Peoria Unified School District studying 4-day class schedule


PEORIA, Ariz. – Thirty-seven thousand students who attend class at 34 elementary schools, seven high schools and one nontraditional high school in the Peoria Unified School District may shift to a 4-day school week beginning next fall.

District officials will begin studying the possibility of going to the shorter week as a way to offset years of reductions in state aid, including an estimated $5 million cut in state funding under Gov. Doug Ducey’s proposed budget, Schools Superintendent Dr. Denton Santarelli told the School Governing Board Thursday night. The superintendent said there is a likelihood of more reductions in at least the next four years as Arizona’s governor and lawmakers grapple with more forecast budget shortfalls.

“We are at a point where we have to deal with some extreme measures to deal with the reductions,” he said. “It doesn’t appear this is going to go away. We know the impact on the community. (But) when you take a look at solving problems in multiple years, you’re looking at a different strategy,” Santarelli explained.

"We’re doing this reluctantly," added school district spokeswoman Danielle Airey. "There’s little left to explore that would not affect the health, safety and academic excellence that our students and families have come to expect," she explained.

“This is huge,” said Board member Kathy Knecht. “We’re being asked to consider a fundamental structural change. It’s sad we’re being put up against the wall and that we’re going to have to go down this road.”

Santarelli said the state faces budget shortfalls of between half a billion and a billion dollars in each of the next four fiscal years, starting with the current one, which ends June 30, 2015. In addition, he said it appears unlikely local schools will be receiving $1.2 billion in aid they contend they are owed after being shortchanged by the state under Proposition 301, a previous voter-approved funding mandate. Lawmakers, the Governor’s Office and school districts are still trying to reach a settlement.

Specifics of the shorter school week were not discussed by the superintendent or the board, including length of the school day or which day of the week would be eliminated. Although a longer school day is likely, since state law requires public schools provide a minimum number of instructional minutes per school year. 

Airey said school hours and the day of the week that would be eliminated  would be determined through the study.

"We’ll be looking at the impact on transportation, food and nutrition, academic achievement, scheduling, how the day will be for primary younger students, as well as high school students. We will look at extracurricular activities and athletics, as well as employees -- how they will accomplish their jobs -- and any correlation between ability to attract and retain best and brightest employees," Airey explained in an interview Friday.

The spokeswoman said the shorter school week is used in some districts -- mainly rural ones -- across the United States, and that Peoria would look at the experiences of districts that have opted for the shorter school week.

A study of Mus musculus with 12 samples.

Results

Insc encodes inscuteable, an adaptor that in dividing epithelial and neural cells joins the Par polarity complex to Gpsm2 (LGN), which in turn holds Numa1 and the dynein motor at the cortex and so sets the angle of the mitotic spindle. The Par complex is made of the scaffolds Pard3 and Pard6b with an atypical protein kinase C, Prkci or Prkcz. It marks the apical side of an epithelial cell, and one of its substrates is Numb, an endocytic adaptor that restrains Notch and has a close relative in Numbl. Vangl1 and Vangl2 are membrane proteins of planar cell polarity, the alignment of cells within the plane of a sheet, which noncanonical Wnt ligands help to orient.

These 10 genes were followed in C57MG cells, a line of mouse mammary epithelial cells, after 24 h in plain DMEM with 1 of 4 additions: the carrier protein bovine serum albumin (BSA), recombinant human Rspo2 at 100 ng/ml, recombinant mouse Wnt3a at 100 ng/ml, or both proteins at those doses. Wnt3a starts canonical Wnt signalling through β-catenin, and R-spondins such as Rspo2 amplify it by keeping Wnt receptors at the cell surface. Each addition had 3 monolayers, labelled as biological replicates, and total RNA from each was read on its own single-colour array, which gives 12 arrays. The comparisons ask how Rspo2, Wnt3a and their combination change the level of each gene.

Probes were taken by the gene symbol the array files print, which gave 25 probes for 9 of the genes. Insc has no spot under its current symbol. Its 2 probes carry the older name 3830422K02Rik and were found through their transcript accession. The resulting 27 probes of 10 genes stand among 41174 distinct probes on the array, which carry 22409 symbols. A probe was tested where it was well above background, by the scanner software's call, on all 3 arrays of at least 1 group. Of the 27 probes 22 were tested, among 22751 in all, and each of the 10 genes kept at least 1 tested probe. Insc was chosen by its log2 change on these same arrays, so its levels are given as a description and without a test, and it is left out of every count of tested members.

Heidi Vega, spokeswoman for the Arizona School Boards Association, said Globe Public Schools and the Miami Unified School District, both small districts in southern Arizona, have used a 4-day week since 2011.

Using a slide presentation, Santarelli told board members potential annual savings to the district through a shorter school week include $1.6 million in utilities, $2.5 million in food service and $1.6 million in transportation – for a total of $5.7 million – enough to more than offset the forecasted maximum loss under Ducey’s proposed budget.

However, the schedule change would involve affecting more than students, noted Board President Matthew Bullock.

“There’s a domino effect. When you start extending the school day, then it’s sports, it’s bands…it’s jobs, and transportation as well,” he said.

Santarelli said a schedule shift would not reduce teacher salaries. “That’s not what this is about at all,” he said.

Hourly employees, however, could be affected.

A task force will begin studying the concept of a shorter school week immediately and report back to the board in 30 days. Knecht asked for an interim update in two weeks, which the district is expected to provide. The task force will include district staff and school personnel.

In the meantime, board members urged the public to contact the district with their thoughts.

“I would like to have input from the community and see if they have any ideas,” said member Beverly Pingerelli.

Santarelli said the concept of a 4-day school week is not new.

The idea came from community members two years ago and was revived over the past couple of weeks through regular district employee chats, he told the board.

The superintendent, panel and community were urged to put pressure on state lawmakers and the governor to restore at least some education funding.

“For 16 years, we tightened our belt. I’m going to challenge you and every (school) board members in the state. It’s time we tell the kids, ‘we care about you.’ Tell the governor and legislators to get off their butts, figure out how to solve this problem, and quit putting it on the backs of our children,” said Shawn Wheeler.